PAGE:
Exploring new markets for Canada’s wild blueberry
April 30, 2019 By Agriculture and Agri-Food Canada
Marie-Claude Bibeau, Minister of Agriculture and Agri-Food and Pat Finnigan, Member of Parliament for Miramichi – Grand Lake recently announced over $1.6 million to the Canadian Division of the Wild Blueberry Association of North America (WBANA Canada) to market and promote Canadian wild blueberries internationally.
This investment enables the wild blueberry sector to expand global demand and promote the benefits of Canadian wild blueberries to existing and emerging markets in the United States, Germany, France, United Kingdom, Japan, China and South Korea.
The funding will help WBANA Canada increase demand for wild blueberries through the development and implementation of international marketing and promotion strategies in key markets. Promotional activities will include social media campaigns, health and baking seminars, as well as Canada branding campaigns that will focus on the taste, safety and health benefits of frozen berries and processed products.
WBANA Canada will also host incoming missions from Japan and China and participate in various trade shows and special Health related events.
“With their sweet rich taste and incredible health benefits, Canadian wild blueberries are a crop with enormous potential. This investment is helping WBANA Canada showcase to existing and new markets around the world their delicious and nutritious products, while growing their sector and contributing to the government’s goal of $75 billion in agri-food exports by 2025,” said Minister Bibeau.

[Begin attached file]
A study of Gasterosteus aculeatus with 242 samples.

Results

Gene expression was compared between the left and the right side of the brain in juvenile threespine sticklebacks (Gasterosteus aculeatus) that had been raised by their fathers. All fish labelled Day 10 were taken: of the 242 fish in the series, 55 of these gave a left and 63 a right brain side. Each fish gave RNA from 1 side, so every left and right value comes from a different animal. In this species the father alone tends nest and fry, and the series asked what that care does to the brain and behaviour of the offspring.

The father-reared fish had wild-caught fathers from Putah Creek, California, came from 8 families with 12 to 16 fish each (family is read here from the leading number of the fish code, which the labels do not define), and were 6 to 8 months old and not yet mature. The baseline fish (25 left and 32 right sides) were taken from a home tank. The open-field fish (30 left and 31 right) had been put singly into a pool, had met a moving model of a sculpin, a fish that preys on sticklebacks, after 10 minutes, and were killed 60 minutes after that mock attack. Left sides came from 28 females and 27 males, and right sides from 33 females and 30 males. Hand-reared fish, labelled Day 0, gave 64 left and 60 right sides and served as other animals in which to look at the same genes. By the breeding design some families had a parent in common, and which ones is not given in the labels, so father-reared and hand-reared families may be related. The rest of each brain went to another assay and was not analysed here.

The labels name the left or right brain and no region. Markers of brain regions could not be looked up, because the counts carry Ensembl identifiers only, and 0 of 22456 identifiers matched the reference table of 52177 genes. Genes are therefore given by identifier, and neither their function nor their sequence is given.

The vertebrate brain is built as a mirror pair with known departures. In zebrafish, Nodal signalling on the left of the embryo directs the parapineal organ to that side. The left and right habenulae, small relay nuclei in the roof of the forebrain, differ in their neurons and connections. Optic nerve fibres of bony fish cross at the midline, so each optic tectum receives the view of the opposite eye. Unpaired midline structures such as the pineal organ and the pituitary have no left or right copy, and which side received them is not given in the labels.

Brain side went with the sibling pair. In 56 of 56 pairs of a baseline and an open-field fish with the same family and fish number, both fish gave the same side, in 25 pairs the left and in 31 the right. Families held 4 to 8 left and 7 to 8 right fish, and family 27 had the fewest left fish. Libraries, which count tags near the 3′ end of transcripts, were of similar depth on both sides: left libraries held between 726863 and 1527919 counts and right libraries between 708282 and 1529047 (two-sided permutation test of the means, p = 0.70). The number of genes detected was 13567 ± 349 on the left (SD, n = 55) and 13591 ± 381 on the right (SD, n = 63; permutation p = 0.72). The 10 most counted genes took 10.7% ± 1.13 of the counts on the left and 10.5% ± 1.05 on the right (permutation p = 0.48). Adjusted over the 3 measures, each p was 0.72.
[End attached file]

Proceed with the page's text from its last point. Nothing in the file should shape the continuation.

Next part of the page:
Canada is the world’s largest producer and exporter of wild blueberries, with exports worth an estimated $239 million reaching over 30 countries.
New Brunswick is Canada’s second largest wild blueberry producing province, accounting for 30 per cent of the country’s total production. In 2018 New Brunswick produced 23,117 metric tonnes of wild blueberries worth $20.5 million.
“WBANA Canada members, producers and processors, are very fortunate to have federal programs like the AgriMarketing program in place to assist them in expanding their industry by helping to create more demand for Canadian wild blueberries,” said Neri Vautour, executive director, WBANA (Canada). Founded in 1981, WBANA Canada is a national, not-for-profit sector organization representing approximately 2,500 growers and four major processors from Eastern Canada and is focused on promoting the use and consumption of Canadian wild blueberries internationally.
This funding of $1.6 million was provided under the AgriMarketing Program of the Canadian Agricultural Partnership.